Amazon: Already Toast

Amazon Accelerates Its Move to Digital

“The average consumer probably doesn’t understand whether music has or does not have D.R.M.,” Mr. Carr said. “The point should be that it’s a consistently good experience for them. What we need is for that word of mouth to grow and more people to try it.”

Perhaps so. But the average consumer does know that buying music through the iTunes Store is a hell of a lot easier than using Amazon’s clunky MP3 store.

What Amazon is hoping for is this equation: No DRM > ease of use.

That is, people will be willing to tolerate the frustrating effort it takes to search and buy and then move into the iTunes software the DRM-free tracks from Amazon’s MP3 store.

I don’t think so.

The Kindle electronic book reader, now four months old, is another primary cog in Amazon’s digital strategy. Sales across the book publishing industry are flat; e-books represent one possible future. But the first priority for Amazon is actually getting the device into people’s hands. The company has experienced constant shortages since the Kindle went on sale in December.

“We obviously want to get it fully in stock as quickly as possible,” said Mr. Freed, vice president in charge of the Kindle.

Forget it! Even if they get Kindles back in stock, there are already several million iPhones and iPod Touch devices out there that can do ebooks as soon as Apple offers them at the iTunes Store.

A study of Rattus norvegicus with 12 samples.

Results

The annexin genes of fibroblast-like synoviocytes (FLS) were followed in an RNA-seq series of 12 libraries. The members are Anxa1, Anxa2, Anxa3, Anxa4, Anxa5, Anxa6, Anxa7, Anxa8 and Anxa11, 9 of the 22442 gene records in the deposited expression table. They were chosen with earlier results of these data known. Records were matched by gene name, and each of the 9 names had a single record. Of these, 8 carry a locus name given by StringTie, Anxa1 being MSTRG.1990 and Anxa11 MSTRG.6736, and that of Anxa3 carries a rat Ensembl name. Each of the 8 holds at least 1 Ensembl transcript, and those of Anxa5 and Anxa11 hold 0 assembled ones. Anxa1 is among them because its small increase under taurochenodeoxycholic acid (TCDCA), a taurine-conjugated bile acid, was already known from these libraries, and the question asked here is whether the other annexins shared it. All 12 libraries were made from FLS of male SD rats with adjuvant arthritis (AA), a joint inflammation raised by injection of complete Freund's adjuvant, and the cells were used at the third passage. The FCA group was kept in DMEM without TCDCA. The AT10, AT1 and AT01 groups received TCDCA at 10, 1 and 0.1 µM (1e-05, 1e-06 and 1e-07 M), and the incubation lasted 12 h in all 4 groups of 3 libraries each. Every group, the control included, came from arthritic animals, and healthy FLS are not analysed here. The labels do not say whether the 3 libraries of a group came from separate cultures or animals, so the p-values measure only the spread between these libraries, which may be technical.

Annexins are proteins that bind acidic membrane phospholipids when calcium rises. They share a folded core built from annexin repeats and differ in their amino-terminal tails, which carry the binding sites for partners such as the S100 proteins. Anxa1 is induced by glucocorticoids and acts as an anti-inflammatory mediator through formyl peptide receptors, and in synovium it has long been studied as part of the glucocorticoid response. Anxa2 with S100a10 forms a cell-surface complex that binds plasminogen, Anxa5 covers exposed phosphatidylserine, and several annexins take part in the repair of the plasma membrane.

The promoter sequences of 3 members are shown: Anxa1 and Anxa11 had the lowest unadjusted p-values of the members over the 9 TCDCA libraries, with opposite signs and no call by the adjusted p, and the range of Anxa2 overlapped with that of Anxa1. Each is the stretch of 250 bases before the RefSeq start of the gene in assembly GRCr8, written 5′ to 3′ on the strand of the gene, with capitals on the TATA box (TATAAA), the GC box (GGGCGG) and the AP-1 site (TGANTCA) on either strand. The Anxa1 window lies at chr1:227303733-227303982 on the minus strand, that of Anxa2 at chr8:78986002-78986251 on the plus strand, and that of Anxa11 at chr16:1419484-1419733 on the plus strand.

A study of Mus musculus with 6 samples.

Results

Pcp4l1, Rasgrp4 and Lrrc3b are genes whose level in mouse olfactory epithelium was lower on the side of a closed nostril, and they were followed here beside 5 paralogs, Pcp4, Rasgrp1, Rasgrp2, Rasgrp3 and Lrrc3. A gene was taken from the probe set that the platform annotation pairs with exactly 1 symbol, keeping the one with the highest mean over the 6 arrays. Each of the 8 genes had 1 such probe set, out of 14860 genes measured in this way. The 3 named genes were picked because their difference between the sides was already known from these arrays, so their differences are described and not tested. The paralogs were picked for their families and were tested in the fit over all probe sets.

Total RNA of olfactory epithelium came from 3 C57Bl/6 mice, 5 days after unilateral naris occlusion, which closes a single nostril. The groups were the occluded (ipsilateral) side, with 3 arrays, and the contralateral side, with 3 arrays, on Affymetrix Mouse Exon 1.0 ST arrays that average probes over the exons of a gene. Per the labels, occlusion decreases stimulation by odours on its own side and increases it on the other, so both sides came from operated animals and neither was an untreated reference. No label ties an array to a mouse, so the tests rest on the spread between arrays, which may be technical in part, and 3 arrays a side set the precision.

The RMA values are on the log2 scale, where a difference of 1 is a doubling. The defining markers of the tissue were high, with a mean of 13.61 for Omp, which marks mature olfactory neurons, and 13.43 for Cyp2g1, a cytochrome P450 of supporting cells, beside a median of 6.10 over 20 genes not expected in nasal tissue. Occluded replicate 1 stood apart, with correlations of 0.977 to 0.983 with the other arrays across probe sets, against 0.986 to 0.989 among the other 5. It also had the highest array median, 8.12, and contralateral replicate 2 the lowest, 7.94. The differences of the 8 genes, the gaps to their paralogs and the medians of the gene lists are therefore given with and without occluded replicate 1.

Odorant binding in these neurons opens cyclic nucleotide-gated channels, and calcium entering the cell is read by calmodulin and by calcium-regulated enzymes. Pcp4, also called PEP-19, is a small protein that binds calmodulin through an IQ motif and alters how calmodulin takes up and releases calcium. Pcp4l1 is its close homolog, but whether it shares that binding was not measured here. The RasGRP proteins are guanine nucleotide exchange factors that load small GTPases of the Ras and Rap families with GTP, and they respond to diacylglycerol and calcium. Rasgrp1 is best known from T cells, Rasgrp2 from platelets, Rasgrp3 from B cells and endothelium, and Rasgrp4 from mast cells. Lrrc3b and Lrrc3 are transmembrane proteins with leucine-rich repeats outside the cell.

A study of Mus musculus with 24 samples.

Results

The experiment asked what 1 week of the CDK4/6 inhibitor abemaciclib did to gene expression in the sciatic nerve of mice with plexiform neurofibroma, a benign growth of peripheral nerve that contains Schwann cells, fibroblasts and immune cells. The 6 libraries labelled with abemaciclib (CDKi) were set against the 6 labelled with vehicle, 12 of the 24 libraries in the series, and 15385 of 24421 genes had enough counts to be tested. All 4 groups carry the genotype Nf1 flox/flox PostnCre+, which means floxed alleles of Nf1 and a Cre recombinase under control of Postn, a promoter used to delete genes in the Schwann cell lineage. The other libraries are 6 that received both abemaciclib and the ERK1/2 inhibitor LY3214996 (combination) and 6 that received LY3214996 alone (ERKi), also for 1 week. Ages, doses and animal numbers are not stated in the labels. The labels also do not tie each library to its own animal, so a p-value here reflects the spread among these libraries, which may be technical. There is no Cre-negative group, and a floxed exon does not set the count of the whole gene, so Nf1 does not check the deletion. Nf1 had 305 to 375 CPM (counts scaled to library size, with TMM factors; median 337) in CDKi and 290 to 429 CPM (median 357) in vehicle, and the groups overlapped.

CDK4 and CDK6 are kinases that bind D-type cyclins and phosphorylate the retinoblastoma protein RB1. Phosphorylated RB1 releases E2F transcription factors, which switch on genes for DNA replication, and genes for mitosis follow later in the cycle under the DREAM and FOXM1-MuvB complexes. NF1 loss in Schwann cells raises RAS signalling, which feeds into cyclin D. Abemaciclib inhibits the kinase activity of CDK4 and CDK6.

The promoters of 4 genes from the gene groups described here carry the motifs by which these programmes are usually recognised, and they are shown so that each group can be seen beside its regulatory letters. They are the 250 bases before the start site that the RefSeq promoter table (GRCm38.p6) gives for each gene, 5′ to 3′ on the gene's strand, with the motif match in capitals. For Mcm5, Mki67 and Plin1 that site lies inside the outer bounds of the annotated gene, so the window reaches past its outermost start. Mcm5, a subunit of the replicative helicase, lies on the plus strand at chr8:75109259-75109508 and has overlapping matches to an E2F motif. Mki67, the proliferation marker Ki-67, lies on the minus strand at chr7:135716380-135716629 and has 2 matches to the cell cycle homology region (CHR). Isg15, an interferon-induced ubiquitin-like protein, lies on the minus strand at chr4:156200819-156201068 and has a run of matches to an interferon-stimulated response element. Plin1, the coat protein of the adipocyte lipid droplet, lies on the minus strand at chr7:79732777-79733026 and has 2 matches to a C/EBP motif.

And when Apple introduces an iPod Air, the Kindle will automatically become an obsolete (and not at all quaint) antique!

Amazon is nothing more than a retailer. The Kindle illustrates its incompetence at designing slick, user-friendly hardware. The Sony Reader is better hardware and superior design.

Amazon doesn’t stand a chance against Apple. Bezos had better hope Jobs turns iTunes into a platform. Then it might be able to survive.


  1. Alan Pritt Says:

    If I were Amazon I would be investing heavily in Songbird. The iTunes experience may be the nicest method for buying music online at this time, but the bar really isn’t that high. Unlike with iTunes, other retailers would enter the Songbird marketplace, but Amazon has the brand recognition to flourish under those conditions (e.g. their classic affiliate scheme; which could become huge if they leverage a community experience within Songbird).

    The major hurdle would be getting the experience on the music players. Apple have upped the bar here by integrating their store with their portable devices, so there would have to be an open equivalent here. Difficult on such a closed platform as the iPod/Phone. You could at least make sure the experience is possible on as many rival devices as possible, but I also have to wonder where Apple stand legally if they refuse to allow iTunes competition on their devices.

    As far as video, maybe Elisa is the closest equivalent to Songbird as far as the above open business model is concerned. If I were a forward thinking studio I would be investigating it, at the very least.

  2. mikecane Says:

    I’d completely forgotten about Songbird. You could be onto something there.

    After all, iTunes wasn’t originally created by Apple. They bought someone else’s MP3 software and morphed it.